Restored, Renovated and Renamed Paul Rudolph Hall Is Rededicated
After an ambitious renovation and restoration, Paul Rudolph’s renowned Art + Architecture Building was formally rededicated and renamed in honor of its designer exactly 45 years to the day after the building’s original dedication ceremony.
In addition to Paul Rudolph Hall, the Nov. 8 ceremony marked the dedication of the Jeffrey Loria Center for the History of Art and the Robert B. Haas Family Arts Library, both state-of-the-art facilities that were woven into the structure of the Rudolph building by the project’s architect Charles Gwathmey ‘62 M.Arch.
Yale School of Architecture Dean Robert A.M. Stern ‘65 M.Arch. welcomed guests by saying that the dedication was meant “to honor the past and celebrate the future.”
“Paul Rudolph Hall has risen like a phoenix from its own ashes,” remarked Stern, referencing the fortunes of the modernist monument, which created headlines around the world when it opened but which a fire of dubious origins gutted six years later.
Having undergone renovations in the aftermath of the fire, which Gwathmey described as “unsympathetic,” the building awaited a major overhaul to restore the original vision of its architect.
Gwathmey, a former student of Rudolph’s at Yale, had the double challenge of fulfilling Rudolph’s aesthetic intentions while creating additions to harmonize with the original. (See related story.) “We asked a great architect to add to the work of a great architect,” commented Stern, “and Charles Gwathmey, a towering figure of our generation, rose to the challenge.”
President Richard C. Levin noted: “By honoring Paul Rudolph’s genius after years of neglecting, even abusing his iconic building, we are atoning for past mistakes. And by a combination of faithful restoration, imaginative reprogramming and creative expansion, we have produced a compelling environment in which the study and practice of the arts can flourish.”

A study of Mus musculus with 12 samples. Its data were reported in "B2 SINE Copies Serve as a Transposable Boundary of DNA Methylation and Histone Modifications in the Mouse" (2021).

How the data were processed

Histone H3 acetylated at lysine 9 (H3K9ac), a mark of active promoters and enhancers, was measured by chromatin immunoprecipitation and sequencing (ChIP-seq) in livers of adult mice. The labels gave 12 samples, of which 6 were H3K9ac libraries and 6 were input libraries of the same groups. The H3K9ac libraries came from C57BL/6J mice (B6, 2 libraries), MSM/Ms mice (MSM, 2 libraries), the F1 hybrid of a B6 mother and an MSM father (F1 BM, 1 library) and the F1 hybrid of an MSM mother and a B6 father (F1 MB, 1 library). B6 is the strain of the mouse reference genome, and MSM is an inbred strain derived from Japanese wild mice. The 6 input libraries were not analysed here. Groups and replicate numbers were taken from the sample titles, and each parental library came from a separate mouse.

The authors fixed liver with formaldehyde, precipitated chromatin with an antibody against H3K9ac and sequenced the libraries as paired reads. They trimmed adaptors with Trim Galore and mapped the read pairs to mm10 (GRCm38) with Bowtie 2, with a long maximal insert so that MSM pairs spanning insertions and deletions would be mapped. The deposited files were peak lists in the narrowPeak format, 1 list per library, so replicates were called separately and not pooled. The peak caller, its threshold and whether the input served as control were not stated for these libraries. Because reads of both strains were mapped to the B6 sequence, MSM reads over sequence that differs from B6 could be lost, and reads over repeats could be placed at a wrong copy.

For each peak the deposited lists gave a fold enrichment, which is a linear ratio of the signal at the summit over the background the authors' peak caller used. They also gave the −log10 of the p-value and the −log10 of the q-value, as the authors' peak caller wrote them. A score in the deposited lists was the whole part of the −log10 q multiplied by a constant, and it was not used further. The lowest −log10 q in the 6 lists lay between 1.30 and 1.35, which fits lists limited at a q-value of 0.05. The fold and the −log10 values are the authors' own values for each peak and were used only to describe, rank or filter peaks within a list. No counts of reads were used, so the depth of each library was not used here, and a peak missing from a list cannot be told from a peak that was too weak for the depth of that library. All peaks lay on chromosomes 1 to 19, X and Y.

Benefactors Jeffrey Loria ‘62 B.A., Robert Haas ‘69 B.A. and Sid Bass ‘65 B.A. also spoke at the dedication, each expressing a deep appreciation for Gwathmey’s work and for the Yale education in the arts that they had received. An internationally reputed art dealer, Loria cited his first class with Vincent Scully, Sterling Professor Emeritus of the History of Art, as a lesson in using his “eyes and soul” to look at things.
The weekend celebration also included a talk about Rudolph by architectural historian Timothy Rohan; an exhibition of the special collections of the new Robert B. Haas Family Arts Library; an exhibition of Rudolph’s designs for Yale and New Haven; and several panel discussions about Rudolph’s legacy by Yale Pritzker Prize winners Lord Norman Foster, Sir Richard Rogers and J. Carl Abbott Jr. - all of whom earned their M.Arch. in 1962 - as well as Yale faculty and graduate students, and School of Architecture alumni. The latter included Stanley Tigerman ‘60 B.Arch., Allan Greenberg ‘65 M.Arch. and Alexander Tzonis ‘63 M.Arch.
Under Gwathmey’s direction, many of the Modernist elements of Rudolph’s original design were restored. He and his team replaced windows, restored interior sight lines, improved climate control, and added new lighting and furnishings.
Gwathmey also designed the new Jeffrey H. Loria Center for the History of Art, a seven-story facility adjacent to Rudolph Hall. The center features offices for the Department of the History of Art, classroom space and roof garden terraces, which offer previously unattainable views of the Rudolph Building and New Haven.
The Robert B. Haas Family Arts Library extends across the ground floors of both the Rudolph Building and the Loria Center. The library unites the staff, services and collections of the Drama Library, the Visual Resources Collection, and the Arts of the Book Collection, as well as the Art + Architecture Library.